Canadians who continue to be unemployed by COVID-19 are eligible for up to $8,400 in federal aid, says Blacklock’s Reporter.

But it could be the last federal money they get.

Finance Minister Chrystia Freeland on Friday expanded application rules at an undisclosed cost.

Cabinet designated as “lockdown regions” all provinces and territories but Saskatchewan, Yukon and the Northwest Territories.

Benefits were “now in effect” for impacted workers in all other provinces and Nunavut representing 97% of the national workforce, it said.

“For workers, our decision means if you are working in a region where the provincial or territorial government has introduced capacity restrictions of 50 percent or more and if you have lost 50 percent or more of your income as a direct result of those restrictions you can qualify for the Canada Worker Lockdown Benefit,” Freeland earlier told reporters.

The benefit pays $300 weekly retroactive to December 19. Payments are to end July 2, a maximum 28 weeks or $8,400 under Bill C-2 An Act To Provide Further Support In Response To Covid-19.

Bill C-2 also extended subsidies to locked down employers until July by cabinet order.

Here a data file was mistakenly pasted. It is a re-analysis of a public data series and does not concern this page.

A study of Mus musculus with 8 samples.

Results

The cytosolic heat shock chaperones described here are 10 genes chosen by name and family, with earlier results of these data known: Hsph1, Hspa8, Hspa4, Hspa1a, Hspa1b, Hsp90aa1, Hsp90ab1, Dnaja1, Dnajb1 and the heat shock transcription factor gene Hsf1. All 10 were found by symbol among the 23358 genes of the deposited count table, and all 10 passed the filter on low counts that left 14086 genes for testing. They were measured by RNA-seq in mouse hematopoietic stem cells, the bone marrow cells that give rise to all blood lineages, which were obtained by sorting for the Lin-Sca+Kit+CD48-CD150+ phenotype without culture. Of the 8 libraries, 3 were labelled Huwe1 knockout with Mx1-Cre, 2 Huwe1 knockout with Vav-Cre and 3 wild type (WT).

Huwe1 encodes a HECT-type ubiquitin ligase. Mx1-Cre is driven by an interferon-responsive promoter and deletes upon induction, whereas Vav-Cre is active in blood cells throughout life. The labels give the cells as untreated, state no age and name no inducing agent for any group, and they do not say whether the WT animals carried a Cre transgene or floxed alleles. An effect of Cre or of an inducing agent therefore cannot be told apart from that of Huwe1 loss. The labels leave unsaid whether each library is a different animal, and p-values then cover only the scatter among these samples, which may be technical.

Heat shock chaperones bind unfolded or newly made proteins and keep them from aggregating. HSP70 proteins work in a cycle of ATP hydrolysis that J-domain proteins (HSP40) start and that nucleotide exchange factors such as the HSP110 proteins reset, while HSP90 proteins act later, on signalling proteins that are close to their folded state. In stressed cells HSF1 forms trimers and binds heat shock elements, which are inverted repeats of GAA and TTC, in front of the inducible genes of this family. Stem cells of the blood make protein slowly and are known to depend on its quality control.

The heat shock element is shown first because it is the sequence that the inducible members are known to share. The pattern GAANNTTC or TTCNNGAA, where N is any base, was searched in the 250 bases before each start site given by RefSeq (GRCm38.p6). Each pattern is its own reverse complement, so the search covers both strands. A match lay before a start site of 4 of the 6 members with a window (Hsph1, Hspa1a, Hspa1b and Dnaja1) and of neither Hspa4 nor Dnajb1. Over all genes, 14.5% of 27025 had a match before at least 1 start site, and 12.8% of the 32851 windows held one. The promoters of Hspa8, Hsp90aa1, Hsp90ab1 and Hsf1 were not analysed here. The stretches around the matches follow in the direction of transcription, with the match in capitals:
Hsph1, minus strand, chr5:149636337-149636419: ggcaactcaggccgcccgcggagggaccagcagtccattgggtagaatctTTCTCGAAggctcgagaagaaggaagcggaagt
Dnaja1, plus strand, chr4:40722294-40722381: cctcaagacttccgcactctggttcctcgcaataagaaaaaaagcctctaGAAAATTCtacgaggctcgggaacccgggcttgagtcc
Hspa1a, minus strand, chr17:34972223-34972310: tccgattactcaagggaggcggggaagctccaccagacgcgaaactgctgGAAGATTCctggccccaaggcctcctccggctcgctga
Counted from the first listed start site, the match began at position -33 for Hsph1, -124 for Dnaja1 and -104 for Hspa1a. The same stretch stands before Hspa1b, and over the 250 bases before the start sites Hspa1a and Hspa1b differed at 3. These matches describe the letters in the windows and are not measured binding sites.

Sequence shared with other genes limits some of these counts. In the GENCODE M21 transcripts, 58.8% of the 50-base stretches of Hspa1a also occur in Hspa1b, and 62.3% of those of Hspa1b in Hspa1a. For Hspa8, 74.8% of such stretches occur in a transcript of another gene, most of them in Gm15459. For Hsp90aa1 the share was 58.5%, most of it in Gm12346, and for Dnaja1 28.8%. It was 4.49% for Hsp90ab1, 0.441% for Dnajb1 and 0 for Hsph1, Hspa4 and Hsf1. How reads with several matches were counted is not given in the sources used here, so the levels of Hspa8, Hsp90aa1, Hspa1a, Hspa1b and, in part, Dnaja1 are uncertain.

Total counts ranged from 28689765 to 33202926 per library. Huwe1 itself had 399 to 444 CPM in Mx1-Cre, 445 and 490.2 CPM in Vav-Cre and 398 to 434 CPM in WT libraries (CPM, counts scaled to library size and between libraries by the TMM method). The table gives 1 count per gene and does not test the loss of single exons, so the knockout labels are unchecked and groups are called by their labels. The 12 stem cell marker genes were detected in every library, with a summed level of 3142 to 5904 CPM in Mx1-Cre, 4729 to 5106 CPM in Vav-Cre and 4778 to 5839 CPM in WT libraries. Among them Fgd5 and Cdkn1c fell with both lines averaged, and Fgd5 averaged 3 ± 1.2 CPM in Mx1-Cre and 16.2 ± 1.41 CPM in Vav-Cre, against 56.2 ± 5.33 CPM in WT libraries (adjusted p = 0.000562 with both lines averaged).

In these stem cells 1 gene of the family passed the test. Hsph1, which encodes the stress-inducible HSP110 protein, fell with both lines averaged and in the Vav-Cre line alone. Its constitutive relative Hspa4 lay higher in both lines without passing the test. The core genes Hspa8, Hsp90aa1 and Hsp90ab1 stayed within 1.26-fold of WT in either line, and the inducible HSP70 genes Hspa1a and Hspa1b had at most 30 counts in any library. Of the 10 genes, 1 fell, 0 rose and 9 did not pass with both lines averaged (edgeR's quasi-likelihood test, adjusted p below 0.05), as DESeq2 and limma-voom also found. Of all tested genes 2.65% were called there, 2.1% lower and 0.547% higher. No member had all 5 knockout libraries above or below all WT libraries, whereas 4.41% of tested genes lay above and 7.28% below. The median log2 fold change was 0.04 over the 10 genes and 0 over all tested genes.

“What exactly does this mean? It means if you are an employer who has to reduce the capacity of your main business by 50 percent or more you will be eligible for wage and rent subsidy support through the local lockdown program,” said Freeland.

“We are lowering the revenue decline threshold from 40% to 25%.

“Eligible employers will receive wage and rent subsidy support from between 25% to up to 75% depending on how much revenue they have lost.”

The finance department originally estimated the cost of C-2 measures at $11.9 billion. No revised estimate was disclosed.

Freeland had called the bill the “last step” in emergency spending.

“I see this legislation as very much the last step in our COVID support programs,” Freeland told reporters November 24.

“It is what I really hope and truly believe is the final pivot.”

The original bill limited lockdown benefits to workers denied all income when employers were ordered closed by public health authorities. Cabinet broadened the scope to include half-capacity lockdowns after Parliament passed the bill December 17.